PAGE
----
Billionaire Steve Cohen’s SAC Reports 5.2% Stake in This Internet Stock
Taking a look at the company
WebMD’s revenue grew 5% in its last quarter compared to the first quarter of 2012, with the company attributing much of this growth to advertising revenue on its public portals. While costs were still high enough that the business experienced a net loss, this loss was much lower than it had been in the prior year period. In addition, WebMD generally considers its business to be seasonally weaker earlier in the year due to trends in advertising. The company recently raised its guidance for Q2 and now expects to have earned $0.05 per share for the quarter rather than a small net loss; this would be the first profitable quarter for WebMD in terms of adjusted earnings for some time.
The stock’s valuation, however, already assumes significant improvements in the business in the future. Current consensus is for $0.22 in earnings per share this year, which would mean an average of $0.10 of EPS for each of the next two quarters. Then, WebMD is expected to earn $0.36 per share for 2014, and even if the company hits its target, that results in a very high forward earnings multiple. That seems like an aggressive market price for a business dependent on advertising revenue. Billionaire Carl Icahn is another major investor in WebMD, with his group’s 13F reporting a position of 6.7 million shares (find Icahn's favorite stocks).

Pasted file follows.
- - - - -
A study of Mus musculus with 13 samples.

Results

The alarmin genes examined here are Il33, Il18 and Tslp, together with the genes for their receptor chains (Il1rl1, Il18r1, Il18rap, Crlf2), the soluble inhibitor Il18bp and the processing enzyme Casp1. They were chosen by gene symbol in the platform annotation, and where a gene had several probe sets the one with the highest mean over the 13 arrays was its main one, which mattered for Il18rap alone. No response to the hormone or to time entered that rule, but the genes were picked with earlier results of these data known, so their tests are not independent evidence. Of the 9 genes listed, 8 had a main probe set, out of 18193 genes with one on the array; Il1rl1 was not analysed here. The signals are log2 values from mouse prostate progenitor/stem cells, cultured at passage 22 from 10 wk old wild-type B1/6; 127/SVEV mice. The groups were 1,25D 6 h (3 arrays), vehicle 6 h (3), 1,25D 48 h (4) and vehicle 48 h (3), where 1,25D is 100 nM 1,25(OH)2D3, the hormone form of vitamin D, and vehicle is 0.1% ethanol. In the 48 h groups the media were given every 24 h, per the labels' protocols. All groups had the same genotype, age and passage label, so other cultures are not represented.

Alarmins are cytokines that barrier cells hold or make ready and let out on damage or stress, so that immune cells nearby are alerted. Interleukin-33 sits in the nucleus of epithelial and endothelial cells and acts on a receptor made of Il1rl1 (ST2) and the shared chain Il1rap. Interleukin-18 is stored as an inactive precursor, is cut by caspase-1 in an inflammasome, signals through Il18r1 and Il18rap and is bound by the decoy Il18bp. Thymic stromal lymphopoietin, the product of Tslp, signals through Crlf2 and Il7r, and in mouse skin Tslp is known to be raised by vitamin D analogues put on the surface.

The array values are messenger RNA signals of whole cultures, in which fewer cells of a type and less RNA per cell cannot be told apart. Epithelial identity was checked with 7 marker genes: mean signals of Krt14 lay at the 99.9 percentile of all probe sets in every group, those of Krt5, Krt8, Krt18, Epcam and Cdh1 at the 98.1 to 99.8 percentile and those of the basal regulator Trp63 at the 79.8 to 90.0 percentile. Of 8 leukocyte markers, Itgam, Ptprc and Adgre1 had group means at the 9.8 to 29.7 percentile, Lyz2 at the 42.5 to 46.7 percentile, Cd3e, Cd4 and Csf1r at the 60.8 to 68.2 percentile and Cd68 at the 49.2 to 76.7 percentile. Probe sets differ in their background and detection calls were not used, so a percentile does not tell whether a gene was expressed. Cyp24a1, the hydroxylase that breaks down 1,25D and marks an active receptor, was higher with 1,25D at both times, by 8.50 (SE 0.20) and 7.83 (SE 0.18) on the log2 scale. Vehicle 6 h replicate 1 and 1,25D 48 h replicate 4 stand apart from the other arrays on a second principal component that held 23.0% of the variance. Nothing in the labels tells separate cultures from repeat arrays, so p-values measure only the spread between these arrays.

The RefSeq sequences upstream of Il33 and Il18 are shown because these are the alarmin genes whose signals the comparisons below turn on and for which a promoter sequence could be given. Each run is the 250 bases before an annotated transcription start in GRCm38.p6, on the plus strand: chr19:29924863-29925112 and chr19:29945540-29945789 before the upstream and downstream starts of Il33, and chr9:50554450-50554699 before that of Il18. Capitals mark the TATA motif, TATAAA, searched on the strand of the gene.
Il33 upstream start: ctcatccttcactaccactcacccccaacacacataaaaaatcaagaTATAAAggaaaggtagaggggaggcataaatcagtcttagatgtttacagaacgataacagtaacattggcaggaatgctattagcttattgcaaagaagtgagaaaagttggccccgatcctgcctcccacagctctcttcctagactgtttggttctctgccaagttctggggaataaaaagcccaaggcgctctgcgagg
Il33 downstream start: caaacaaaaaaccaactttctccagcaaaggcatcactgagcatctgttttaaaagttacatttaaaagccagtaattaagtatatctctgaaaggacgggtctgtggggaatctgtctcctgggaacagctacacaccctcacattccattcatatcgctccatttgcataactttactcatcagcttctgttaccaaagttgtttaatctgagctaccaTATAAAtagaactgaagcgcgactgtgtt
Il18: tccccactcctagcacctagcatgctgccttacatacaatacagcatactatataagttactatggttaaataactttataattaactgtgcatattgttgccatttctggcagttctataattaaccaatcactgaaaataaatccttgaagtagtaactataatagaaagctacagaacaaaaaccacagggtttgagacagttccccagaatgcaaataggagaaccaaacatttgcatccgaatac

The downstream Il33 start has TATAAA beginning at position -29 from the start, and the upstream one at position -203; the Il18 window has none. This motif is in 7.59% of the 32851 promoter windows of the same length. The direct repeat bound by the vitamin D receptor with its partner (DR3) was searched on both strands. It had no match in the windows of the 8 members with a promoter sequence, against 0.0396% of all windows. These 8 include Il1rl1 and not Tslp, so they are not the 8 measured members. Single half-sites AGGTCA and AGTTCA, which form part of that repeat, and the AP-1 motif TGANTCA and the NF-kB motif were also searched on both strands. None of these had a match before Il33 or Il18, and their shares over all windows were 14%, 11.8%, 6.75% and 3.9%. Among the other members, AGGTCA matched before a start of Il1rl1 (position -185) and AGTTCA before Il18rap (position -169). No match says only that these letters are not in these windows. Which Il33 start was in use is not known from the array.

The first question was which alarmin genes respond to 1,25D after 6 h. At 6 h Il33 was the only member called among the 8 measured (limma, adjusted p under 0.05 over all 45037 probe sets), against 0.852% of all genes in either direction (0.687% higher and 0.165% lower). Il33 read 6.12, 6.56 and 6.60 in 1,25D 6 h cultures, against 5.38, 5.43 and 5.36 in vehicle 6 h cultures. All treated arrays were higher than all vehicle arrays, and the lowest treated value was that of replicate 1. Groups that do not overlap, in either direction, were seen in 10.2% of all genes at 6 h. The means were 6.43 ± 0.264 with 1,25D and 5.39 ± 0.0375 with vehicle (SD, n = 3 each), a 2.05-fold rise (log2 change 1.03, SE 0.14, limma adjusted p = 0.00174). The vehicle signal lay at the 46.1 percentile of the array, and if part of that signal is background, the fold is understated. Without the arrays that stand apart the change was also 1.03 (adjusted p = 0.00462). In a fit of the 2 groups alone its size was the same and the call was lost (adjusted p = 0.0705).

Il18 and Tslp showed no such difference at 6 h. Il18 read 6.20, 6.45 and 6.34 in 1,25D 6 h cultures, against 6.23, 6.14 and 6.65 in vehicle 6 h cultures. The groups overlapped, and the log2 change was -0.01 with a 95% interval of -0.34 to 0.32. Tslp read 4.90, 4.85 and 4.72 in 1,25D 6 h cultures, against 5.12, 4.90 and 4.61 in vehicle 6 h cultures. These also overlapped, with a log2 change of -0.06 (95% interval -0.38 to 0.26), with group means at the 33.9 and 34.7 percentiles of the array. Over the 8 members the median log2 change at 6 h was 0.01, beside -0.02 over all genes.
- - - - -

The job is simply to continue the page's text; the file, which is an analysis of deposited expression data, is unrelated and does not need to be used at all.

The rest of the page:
Comparing WebMD to similar stocks
Yelp and Angie’s List are also unprofitable on a trailing basis, and like WebMD, while the sell-side is predicting that they will soon break into the black, earnings are still expected to be quite low in 2014 relative to their current valuations. As a result, each is a popular short target: 16% of Yelp’s float is held short, and the same figure is 30% for Angie’s List. Yelp has been growing its business quite rapidly, with revenue up 69% in the first quarter of 2013 versus a year earlier, though adjusted EPS has actually been falling on a q/q basis. Angie’s List has seen its stock price rise over 80% in the last year, as it too has been seeing revenue growth of close to 70%.
Bankrate and TripAdvisor are at least profitable, though they too are highly dependent on improving their businesses in the future: their respective forward earnings multiples (which themselves incorporate expectations of significant EPS growth next year) are 24 and 28, respectively. Investors should note that Bankrate actually experienced double-digit percentage declines on both top and bottom lines in its most recent quarterly report compared to the same period in the previous fiscal year, which should prevent anyone from buying it as a potential growth stock for now.
The online travel industry has been experiencing high growth recently, and TripAdvisor is no exception with revenue and profit growth of 25% or higher. However, its trailing P/E of 42 represents a premium to those industry peers more focused on reservations and so, it might be worth looking into those stocks instead.
Markets are being quite aggressive -- probably even speculative -- in their valuations for WebMD and for many of its peers. It’s good that the company apparently turned a profit last quarter, but even analyst forecasts set a high bar for further improvement and a stock with a forward P/E of over 80 shouldn’t be that attractive, even if Cohen and his team like the stock. A similar logic holds for Yelp and Angie’s List, and as has been discussed, Bankrate has not been doing well recently and TripAdvisor doesn’t seem that appealing compared to other travel-related companies.